Chronic Cough

Cough for a minute or two, and you may think something has "gone down the wrong pipe." Cough for a day or two, and you may think you've picked up a cold or the flu. After a week, bronchitis or allergies may come to mind. But after three or four weeks, your mind starts to race, and the worry begins to mount.  If the cough has lasted more than eight weeks, it is then classified as chronic cough

Chronic coughing is common.  It is so frequent that it rates as one of the most common reasons for seeing a doctor. Although both patients and doctors rightly focus their attention on finding the cough's cause, the cough itself is responsible for significant problems. In addition to worry about the diagnosis, patients experience frustration and anxiety, especially if diagnosis and treatment stretches out over weeks, which is often the case. Coughing interrupts sleep, producing fatigue and impairing concentration and work performance. In this age of scary new viruses, social interactions are likely to suffer. And coughing can also have important physical consequences, ranging from urinary incontinence to fainting and broken ribs. Between medical tests, lost productivity at work, remedies that don't help, and treatments that do, coughing is also expensive.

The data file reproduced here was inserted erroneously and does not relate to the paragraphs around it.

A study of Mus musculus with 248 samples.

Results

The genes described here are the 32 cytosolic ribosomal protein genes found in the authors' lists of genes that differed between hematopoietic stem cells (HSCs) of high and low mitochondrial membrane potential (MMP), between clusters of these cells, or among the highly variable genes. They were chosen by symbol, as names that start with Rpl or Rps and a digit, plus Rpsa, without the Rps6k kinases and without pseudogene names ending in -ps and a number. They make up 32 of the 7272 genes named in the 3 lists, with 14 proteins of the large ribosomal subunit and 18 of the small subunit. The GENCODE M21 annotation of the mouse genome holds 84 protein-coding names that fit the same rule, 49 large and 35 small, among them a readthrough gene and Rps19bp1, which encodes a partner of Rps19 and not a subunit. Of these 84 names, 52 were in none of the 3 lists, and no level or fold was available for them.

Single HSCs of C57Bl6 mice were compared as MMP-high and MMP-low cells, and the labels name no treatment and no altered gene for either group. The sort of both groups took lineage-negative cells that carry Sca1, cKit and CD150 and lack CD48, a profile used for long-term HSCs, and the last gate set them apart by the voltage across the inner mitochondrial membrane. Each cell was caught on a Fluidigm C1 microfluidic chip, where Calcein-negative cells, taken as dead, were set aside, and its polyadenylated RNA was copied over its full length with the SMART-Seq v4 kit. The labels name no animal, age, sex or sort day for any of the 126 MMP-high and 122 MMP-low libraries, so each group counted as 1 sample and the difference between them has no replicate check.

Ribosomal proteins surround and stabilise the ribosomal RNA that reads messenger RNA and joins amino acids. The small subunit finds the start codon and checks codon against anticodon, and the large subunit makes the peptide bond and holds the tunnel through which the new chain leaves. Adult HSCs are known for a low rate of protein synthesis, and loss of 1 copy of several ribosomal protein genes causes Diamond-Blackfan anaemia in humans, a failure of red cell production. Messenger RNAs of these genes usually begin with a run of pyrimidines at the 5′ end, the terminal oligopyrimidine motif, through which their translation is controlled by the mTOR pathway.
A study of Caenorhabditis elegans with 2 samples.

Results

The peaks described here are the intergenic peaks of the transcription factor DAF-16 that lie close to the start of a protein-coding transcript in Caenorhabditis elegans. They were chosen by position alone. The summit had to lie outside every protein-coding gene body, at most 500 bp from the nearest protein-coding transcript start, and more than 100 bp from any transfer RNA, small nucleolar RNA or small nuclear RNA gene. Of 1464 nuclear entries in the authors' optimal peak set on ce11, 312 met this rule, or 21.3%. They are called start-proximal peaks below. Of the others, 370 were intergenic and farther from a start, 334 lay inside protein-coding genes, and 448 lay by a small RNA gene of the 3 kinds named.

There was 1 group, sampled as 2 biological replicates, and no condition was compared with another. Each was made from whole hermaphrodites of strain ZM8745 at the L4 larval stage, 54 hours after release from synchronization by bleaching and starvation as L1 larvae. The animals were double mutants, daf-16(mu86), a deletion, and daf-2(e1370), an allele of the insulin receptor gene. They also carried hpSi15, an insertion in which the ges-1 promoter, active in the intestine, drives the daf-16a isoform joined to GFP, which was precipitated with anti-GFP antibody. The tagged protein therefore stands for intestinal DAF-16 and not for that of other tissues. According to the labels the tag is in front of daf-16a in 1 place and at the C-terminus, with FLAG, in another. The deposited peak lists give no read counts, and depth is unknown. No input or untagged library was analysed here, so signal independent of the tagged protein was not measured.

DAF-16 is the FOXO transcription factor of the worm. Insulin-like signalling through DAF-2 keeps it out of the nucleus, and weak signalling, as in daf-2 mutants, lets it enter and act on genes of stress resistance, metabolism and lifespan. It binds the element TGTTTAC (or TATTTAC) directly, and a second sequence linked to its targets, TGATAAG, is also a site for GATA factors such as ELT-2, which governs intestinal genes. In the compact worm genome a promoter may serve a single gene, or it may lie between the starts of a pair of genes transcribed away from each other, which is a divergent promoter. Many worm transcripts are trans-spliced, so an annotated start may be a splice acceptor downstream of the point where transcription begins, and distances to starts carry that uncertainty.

What causes chronic coughing?

Dozens of conditions can cause a recurrent, lingering cough, but the lion's share are caused by seven causes: postnasal drip (upper airway cough syndrome), allergies, asthma, gastroesophageal reflux disease (GERD), chronic sinusitis, chronic bronchitis, and treatment with ACE inhibitors (used for high blood pressure). 

The Center for Allergy & Immunology can provide a comprehensive diagnostic evaluation of people with chronic cough.

We have developed a full diagnostic and treatment plan for people with chronic cough, which may include allergy skin testing, spirometry, chest X-ray, rhinolaryngoscopy, sinus CT scan, blood work, and other approaches.

We treat chronic cough aggressively.  Since the cough is often multifactorial, multiple treatments are often tried at once to gain control of the cough, with the goal to decrease medication use over time once the symptoms have abated.